A Fresh Look at Old Data Sheds Light on Central U.S. Quake Origins and Potential
Small variations in the density of the earth’s crust—undetectable to humans without sensitive instruments—influence where earthquakes may occur in the central United States. These new findings from the U.S. Geological Survey, published today in Nature Communications, may allow scientists to map where future seismicity in the center of the country is most likely.
Using a new technique that combines data about the earth’s gravitational field with sonogram-like images, scientists were able to map out variations in pressure in the deep crust, finding that these pressure variations appear to be responsible for earthquake activity in the area.
Earthquakes far from tectonic plate boundaries—such as in the central U.S.—are rare. Nevertheless, potentially damaging events can occur. Geological evidence from the Cheraw Fault in sparsely populated southeastern Colorado suggests that three earthquakes of approximately magnitude 7 occurred in the last 25,000 years. To understand whether similar events are likely to occur elsewhere in the central U.S., researchers attempted to identify the forces responsible for such unexpected earthquakes.
Scientists got a clue when they noticed that the pull of Earth’s gravitational field is surprisingly low near the Cheraw Fault, the result of buoyant rock units deep within the crust. These variations in rocks’ densities create differences in pressure in the subsurface.
“For the same reason that the wind blows or a balloon pops, pressure gradients in the earth are inherently unstable and can cause deformation resulting in earthquakes,” said Dr. Will Levandowski, a USGS postdoctoral fellow and the study’s lead author.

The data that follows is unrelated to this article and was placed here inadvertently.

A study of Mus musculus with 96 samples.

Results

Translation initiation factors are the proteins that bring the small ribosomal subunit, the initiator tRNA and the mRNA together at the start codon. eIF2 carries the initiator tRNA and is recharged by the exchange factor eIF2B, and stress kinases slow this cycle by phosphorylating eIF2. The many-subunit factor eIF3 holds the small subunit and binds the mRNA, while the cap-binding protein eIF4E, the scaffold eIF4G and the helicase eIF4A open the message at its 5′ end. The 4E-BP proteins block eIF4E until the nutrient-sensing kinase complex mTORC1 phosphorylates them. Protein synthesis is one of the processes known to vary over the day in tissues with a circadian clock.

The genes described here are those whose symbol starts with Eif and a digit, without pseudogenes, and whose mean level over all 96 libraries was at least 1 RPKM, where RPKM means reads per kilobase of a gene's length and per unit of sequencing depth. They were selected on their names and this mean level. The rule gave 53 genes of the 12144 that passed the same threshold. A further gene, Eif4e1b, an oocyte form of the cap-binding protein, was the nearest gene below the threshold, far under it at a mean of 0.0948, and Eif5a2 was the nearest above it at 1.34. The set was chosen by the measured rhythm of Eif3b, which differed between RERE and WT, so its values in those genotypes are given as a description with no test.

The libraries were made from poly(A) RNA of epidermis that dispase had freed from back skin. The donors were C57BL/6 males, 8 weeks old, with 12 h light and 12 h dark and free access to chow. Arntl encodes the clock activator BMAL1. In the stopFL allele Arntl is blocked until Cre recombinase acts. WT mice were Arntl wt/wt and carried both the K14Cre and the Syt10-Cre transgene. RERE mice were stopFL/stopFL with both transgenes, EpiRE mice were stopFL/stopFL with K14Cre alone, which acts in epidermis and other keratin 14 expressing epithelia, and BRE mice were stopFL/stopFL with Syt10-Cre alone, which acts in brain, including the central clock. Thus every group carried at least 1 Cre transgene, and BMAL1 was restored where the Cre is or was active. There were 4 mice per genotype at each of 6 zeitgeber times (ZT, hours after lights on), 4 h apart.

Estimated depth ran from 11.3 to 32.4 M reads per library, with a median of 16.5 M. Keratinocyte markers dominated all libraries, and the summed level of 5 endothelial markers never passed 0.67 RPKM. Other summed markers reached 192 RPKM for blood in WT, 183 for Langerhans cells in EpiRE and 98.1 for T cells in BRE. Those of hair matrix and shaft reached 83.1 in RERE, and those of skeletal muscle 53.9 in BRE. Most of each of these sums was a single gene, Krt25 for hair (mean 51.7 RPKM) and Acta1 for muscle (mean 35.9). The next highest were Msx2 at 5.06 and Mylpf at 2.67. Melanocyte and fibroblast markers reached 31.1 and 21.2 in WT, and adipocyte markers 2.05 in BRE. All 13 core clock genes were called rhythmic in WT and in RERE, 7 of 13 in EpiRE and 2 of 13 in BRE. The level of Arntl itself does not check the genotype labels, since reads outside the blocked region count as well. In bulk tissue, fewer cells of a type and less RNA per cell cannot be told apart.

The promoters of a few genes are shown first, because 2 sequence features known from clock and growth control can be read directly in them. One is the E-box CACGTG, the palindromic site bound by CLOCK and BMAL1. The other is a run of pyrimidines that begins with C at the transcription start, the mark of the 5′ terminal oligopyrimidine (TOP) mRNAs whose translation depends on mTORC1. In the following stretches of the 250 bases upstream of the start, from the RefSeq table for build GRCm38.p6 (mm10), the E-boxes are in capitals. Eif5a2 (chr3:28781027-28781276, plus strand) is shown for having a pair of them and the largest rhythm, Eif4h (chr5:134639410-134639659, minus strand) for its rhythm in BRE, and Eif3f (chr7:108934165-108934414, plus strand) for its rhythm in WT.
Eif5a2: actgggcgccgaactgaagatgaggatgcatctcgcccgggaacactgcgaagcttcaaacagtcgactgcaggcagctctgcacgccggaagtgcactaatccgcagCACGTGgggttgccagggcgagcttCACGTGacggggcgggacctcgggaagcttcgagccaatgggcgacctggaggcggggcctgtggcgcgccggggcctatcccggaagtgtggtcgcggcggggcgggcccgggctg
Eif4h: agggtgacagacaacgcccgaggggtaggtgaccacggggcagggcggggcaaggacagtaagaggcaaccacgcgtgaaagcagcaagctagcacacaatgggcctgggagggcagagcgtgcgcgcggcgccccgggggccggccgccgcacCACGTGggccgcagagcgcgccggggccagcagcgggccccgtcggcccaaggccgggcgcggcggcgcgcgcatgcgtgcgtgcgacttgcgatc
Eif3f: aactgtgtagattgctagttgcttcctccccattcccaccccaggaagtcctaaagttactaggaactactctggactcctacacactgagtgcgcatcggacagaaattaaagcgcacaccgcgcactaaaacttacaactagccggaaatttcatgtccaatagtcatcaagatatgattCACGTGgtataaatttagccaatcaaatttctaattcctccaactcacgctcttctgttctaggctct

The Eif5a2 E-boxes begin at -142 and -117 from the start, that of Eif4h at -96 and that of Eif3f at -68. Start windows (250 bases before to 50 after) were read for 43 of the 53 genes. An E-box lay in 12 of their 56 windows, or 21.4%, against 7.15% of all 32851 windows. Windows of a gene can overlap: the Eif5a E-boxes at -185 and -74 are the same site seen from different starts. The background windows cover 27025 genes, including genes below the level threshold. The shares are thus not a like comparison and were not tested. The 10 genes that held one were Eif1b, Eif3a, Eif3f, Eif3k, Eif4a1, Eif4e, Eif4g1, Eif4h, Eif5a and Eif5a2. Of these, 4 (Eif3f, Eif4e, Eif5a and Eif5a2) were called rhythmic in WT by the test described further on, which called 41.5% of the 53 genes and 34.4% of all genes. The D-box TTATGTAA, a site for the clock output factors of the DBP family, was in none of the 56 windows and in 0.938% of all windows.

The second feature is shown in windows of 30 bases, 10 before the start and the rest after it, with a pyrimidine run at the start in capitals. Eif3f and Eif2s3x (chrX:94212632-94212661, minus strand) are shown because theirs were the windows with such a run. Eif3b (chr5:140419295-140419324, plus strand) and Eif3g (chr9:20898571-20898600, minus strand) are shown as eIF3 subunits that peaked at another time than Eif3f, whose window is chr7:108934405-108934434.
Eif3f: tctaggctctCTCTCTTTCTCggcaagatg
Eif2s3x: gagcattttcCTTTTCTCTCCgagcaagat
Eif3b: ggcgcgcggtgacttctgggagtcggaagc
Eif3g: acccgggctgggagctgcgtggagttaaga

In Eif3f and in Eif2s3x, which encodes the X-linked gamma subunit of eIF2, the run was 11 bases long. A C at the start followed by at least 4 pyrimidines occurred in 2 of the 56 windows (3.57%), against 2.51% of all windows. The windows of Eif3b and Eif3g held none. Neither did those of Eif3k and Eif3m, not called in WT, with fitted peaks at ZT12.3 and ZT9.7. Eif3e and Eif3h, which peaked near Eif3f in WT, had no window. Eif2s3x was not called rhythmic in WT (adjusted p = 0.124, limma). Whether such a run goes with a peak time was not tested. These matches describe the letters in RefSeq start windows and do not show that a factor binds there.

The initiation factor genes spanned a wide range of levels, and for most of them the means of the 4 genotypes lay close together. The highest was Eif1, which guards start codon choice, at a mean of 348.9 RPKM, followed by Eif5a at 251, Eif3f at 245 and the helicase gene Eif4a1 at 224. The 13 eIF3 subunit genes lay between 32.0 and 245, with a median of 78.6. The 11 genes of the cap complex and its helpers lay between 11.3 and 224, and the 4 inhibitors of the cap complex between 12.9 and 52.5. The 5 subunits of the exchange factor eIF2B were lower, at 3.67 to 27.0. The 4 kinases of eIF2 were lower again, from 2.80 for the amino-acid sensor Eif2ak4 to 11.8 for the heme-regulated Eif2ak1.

Levandowski and colleagues used gravity data together with seismic images of the earth’s interior to estimate the density of the crust and upper mantle across the central U.S. from the surface to 100 miles deep, and then calculated the pressures and stresses associated with this 3-D model.
Their calculations show that the majority of natural earthquakes happen in areas with unusually deep crustal pressures due to variations in rock density, and that these pressure variations appear to be the controlling factor in where natural seismicity occurs on the Great Plains.
“These density variations have existed for many millions of years, causing imperceptibly slow deformation and intermittent earthquakes,” said Levandowski.
This new technique may make it possible to map these ancient but persistent forces and to estimate long-term earthquake rates even in areas in which events are rare. Such estimates may help clarify the probability of large earthquakes near major population centers or critical infrastructure in the central and eastern U.S. where these events are uncommon.